31 Days to Scare ~ The Sentinel (1977)

The Facts:

Synopsis: A young woman moves to an apartment in a building which houses a sinister evil.

Stars: Cristina Raines, Chris Sarandon, Eli Wallach, Martin Balsam, Jerry Orbach, Christopher Walken, Sylvia Miles, Beverly D’Angelo, John Carradine, Ava Gardner

Director: Michael Winner

Rated: R

Running Length: 92 minutes

TMMM Score: (7/10)

Review:  Largely due to the success of Rosemary’s Baby and The Exorcist, there was a huge boom in horror films with religious overtones released in the ‘70s.  Seemed like at the heart of every haunted house or strange acting neighbor was a gate to hell or devil possession.  It didn’t just stop on the sliver screen either, television movies got into the game as well with above average entries like Summer of Fear pitting Linda Blair against a devil-ish relative.  By the time The Sentinel was released to theaters in February of 1977 ,there wasn’t a whole lot movie-goers hadn’t already been exposed to.

What elevates The Sentinel a bit higher than its fellow occult brethren is a first-rate cast of big names, sure-handed direction from a director that knew his way around the material, and a script thoughtfully adapted from a best-selling novel.  Maintaining the mood of Jeffrey Konvitz’s popular 1974 tome, Konovitz and director Michael Winner lift the story from the page to the screen with ease, transferring a plot with several different threads into an efficient chiller with plenty of twists, turns, and more than its share of scares.  While it falls into excess at times and may invoke some winces seen through “woke” eyes, it makes it though largely on its high production values and overall sophistication.  Did I mention the cast?  It’s like The Love Boat for the inhabitants of Hell.

In New York City, in-demand model Allison (Cristina Raines) is looking for a place of her own.  Though cohabitating with her long-term boyfriend (Chris Sarandon), she’s never lived by herself and feels like she needs space to be independent.  All the apartments she finds are too expensive (even though an early montage shows Alison on no less than 7 major magazine covers so…how broke is she?) but fate takes her to the offices of Helen Logan (Ava Gardner) who just happens to have the perfect spot for her.  A handsome brownstone with a great view, the furnished apartment is hers for the bargain price of $500, no, make that $400.   It’s a no-brainer.  To the brownstone, Alison will go.

Haunted by a teenage trauma she carries with her even today, living alone doesn’t go so well for Alison.  Though she meets a kindly neighbor (Burgess Meredith) just after moving in, she begins to experience strange occurrences and hears another neighbor loudly clomping around above her bedroom during the night.  She begins to suffer horrible migraines and fainting spells, all unexplained events that coincided with her moving into her new apartment.  When she meets a few more neighbors that aren’t so genial (including a mute Beverly D’Angelo who does something rather explicit in front of Alison) and begins to be curious about the blind priest that lives on the top floor, she starts to investigate with the help of her boyfriend.  The more she learns about the history of the building, the deeper into darkness she’ll plunge because it’s not just the neighbors she has to be afraid of.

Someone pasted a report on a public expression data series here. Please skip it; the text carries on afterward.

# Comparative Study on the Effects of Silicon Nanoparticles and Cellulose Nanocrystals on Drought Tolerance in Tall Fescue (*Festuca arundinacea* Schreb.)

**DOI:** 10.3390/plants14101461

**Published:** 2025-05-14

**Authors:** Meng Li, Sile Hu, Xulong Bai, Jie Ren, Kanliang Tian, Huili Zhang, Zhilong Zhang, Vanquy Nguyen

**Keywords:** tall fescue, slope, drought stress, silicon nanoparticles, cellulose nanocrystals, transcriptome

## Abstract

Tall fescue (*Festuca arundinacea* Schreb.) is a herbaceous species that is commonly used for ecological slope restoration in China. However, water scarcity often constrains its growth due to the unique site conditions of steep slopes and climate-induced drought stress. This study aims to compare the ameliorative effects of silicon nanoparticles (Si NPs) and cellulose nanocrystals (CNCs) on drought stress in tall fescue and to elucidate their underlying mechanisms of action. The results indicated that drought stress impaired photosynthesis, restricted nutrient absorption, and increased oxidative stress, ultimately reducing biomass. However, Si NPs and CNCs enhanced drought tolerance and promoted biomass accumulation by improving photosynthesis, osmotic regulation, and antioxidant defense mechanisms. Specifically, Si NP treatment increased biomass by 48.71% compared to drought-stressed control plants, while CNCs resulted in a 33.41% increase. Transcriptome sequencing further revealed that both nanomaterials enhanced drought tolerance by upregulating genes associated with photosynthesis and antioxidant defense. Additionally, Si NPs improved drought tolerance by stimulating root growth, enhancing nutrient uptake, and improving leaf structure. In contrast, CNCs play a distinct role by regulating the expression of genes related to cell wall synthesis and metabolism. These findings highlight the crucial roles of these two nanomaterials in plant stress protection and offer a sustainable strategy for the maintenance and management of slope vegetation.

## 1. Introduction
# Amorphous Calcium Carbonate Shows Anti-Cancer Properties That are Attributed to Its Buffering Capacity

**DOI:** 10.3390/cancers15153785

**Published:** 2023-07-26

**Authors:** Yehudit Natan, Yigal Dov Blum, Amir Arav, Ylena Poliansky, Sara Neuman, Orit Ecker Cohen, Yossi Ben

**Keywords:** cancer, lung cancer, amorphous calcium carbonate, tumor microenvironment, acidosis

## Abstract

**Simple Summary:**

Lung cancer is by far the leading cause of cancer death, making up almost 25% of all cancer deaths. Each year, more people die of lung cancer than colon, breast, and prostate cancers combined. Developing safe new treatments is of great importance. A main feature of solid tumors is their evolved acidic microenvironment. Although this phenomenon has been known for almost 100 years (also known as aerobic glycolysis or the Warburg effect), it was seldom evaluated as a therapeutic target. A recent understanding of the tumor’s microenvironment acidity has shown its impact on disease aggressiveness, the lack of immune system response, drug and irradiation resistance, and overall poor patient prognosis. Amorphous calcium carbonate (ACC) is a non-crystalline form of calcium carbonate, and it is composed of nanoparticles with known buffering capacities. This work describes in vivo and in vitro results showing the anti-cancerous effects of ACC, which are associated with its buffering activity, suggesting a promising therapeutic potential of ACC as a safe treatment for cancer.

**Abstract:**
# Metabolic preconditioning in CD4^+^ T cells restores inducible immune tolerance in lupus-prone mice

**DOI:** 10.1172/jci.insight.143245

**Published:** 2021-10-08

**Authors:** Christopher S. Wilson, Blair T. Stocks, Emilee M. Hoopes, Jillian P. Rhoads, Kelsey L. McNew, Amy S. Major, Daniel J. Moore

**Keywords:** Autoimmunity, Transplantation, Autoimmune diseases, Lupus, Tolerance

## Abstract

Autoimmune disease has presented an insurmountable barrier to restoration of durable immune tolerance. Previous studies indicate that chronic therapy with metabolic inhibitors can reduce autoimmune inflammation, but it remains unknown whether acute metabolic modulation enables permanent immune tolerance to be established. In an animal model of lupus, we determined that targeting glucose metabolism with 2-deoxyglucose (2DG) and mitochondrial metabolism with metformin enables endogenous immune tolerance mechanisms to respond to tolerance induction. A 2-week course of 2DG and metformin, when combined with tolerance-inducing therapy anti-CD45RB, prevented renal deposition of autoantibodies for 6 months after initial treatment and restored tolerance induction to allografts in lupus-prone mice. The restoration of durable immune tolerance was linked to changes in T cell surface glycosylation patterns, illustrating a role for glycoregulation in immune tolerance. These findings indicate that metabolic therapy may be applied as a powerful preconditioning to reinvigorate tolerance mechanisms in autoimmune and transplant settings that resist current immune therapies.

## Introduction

Director Winner had already made numerous films that had received acclaim before he took on The Sentinel so it’s easy to see why he didn’t have any trouble securing his roster of stars.  Rains makes for a lovely lead, even when she devolves into a sweaty screaming mess she has an air of dignity about her that makes us care for the character.  In smaller roles that may require them to exhibit perverse behavior (or simply act out a perversion), the veteran stars shine in their brief bits of screen time.  Gardner, in particular, seems to be taking glorious delight playing a glam grand dame of NY real estate.  Check out Christopher Walken (The Dead Zone) as a cop with no lines who is partnered with Eli Wallach called in to investigate when Rains goes off the deep end.   The bit parts could also double as a Before They Were Stars clip — so many people show up here that went on to have long careers.

The movie is problematic to be sure, with some attitudes toward different sexual orientations a bit passé and a finale that’s downright offensive…but it’s all a time capsule of the temperature of the time the movie was made and released.  Winner isn’t shy about showing a bundle of extremes be it gore or nudity so audiences are warned to gird their loins and steel themselves when the film goes barreling toward its abrupt but appropriate conclusion.  There’s quite a lot of good stuff going on here and it’s spooky enough to warrant a recommendation if you’re so inclined.